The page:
The death of your
(by John Berridge, 1716-1793)
I received your letter, about the death of your godly daughter—and hope that you will soon learn to bless your Redeemer for snatching her away so speedily. Methinks I see great mercy in the suddenness of her removal; and when your affections have done yearning for her—you will see it too.
O! what is she snatched from? Why, truly, from the plague of an evil heart, a wicked world, and a crafty devil—snatched from all future bitter grief, and from everything which might wound her ear, afflict her eye, or pain her heart!
And what is she snatched to? To a land of everlasting peace, where every inhabitant can say, 'I am no more sick!' No more affliction in the body, no more plague in the heart—but all full of love and full of praise; ever seeing with enraptured eyes, ever blessing with adoring hearts—that dear Lamb who has washed them in His blood, and has now made them kings and priests unto God, forever and ever!
Oh, madam! What would you rather have? Is it not better singing in heaven, 'Worthy is the Lamb who was slain!' —than crying out on earth, 'O wretched woman that I am!'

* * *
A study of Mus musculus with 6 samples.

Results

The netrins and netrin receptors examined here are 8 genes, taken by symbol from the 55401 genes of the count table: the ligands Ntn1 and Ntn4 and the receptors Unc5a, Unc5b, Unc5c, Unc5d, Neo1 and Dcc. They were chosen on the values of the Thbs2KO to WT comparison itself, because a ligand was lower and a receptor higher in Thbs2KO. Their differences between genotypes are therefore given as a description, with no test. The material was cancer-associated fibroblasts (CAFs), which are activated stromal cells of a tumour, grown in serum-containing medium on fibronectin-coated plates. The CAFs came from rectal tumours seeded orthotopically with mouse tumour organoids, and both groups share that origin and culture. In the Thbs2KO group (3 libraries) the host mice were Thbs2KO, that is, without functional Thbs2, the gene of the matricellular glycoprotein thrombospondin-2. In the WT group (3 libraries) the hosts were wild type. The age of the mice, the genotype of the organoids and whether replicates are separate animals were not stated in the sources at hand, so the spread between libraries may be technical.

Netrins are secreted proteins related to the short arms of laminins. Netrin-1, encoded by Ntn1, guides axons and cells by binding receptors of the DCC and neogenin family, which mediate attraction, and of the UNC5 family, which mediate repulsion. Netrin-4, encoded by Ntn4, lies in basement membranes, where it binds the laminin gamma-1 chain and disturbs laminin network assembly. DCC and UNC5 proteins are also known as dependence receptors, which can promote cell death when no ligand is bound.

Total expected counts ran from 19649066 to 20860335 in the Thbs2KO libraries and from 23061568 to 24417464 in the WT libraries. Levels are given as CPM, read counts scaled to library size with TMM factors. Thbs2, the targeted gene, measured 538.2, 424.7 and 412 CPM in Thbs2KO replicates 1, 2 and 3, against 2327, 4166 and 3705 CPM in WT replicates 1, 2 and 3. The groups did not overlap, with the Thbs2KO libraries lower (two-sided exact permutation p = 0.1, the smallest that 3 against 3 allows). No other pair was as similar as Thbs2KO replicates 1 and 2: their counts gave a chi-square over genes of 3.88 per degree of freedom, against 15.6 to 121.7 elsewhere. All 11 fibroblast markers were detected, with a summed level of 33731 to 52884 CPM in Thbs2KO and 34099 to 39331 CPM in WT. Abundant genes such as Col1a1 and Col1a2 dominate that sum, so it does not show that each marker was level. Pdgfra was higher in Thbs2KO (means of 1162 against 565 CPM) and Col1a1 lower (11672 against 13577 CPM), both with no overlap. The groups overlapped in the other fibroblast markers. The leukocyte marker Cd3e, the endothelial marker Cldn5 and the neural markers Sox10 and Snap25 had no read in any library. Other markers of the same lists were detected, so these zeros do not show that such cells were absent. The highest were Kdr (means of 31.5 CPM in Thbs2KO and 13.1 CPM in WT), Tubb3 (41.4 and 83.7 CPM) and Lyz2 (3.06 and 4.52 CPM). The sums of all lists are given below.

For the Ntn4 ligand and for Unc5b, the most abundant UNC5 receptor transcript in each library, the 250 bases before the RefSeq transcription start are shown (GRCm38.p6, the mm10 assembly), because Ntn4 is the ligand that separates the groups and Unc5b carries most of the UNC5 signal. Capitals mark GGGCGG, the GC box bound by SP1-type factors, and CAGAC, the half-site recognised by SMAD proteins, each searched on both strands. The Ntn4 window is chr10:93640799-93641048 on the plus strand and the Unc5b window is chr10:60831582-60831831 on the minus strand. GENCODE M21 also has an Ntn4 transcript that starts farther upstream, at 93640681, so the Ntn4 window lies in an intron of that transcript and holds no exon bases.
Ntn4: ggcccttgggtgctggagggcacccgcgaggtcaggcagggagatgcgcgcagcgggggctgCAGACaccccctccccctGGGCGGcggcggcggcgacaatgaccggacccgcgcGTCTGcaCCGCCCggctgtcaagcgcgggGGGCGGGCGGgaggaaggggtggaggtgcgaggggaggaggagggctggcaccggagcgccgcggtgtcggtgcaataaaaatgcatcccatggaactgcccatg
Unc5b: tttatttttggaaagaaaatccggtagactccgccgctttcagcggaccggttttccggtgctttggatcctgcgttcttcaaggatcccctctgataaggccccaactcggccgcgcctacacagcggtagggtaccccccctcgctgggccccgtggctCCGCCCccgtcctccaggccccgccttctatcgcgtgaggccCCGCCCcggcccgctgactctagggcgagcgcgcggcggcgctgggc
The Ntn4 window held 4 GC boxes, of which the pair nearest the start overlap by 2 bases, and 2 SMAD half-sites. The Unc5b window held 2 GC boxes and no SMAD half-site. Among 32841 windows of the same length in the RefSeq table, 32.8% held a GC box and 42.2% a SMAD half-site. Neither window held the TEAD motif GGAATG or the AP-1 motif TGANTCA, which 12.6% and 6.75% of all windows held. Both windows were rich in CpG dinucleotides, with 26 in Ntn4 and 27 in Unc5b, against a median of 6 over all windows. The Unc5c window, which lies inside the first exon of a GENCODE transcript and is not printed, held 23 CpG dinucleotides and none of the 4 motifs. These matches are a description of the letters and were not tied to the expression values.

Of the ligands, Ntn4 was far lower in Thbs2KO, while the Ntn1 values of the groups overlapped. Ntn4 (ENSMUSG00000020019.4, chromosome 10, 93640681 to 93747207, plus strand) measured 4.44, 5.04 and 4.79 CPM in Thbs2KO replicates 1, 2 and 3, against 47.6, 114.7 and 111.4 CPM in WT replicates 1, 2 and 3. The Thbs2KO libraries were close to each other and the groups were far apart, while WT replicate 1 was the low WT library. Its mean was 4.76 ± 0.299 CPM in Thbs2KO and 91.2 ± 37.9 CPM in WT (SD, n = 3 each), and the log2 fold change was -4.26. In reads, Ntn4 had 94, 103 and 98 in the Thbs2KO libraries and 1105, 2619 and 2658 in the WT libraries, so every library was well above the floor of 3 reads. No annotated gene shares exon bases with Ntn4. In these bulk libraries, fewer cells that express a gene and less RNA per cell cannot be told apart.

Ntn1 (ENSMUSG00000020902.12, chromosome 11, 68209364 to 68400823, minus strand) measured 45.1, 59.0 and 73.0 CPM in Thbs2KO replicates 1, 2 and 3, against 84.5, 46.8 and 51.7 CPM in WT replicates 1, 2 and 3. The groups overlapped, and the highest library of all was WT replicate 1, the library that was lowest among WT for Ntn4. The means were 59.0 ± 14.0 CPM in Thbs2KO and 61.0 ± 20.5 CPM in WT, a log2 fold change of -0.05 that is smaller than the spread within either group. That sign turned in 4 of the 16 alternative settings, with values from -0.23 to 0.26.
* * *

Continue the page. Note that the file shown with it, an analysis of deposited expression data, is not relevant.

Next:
Is it not better to have your daughter taken to heaven—than to have your heart divided between Christ and her? If she was a silver idol before—might she not prove to be a golden idol afterwards?
She has gone to the most blessed place, and will see you again by and by—never more to part. Had she crossed the sea and gone to Ireland—you would have born it; but now that she is gone to heaven—should this be difficult for you? Strange love is this!
Such behavior in others would not surprise me—but I could almost chasten you for it. And I am sure your daughter would chasten you too, if she was called back but one moment from the glories of heaven—to gratify your fond desires! I cannot soothe you—and I must not flatter you. I am glad the dear creature has gone to heaven before you. Lament, if you please; but 'Glory, glory, glory be to God!' says John Berridge.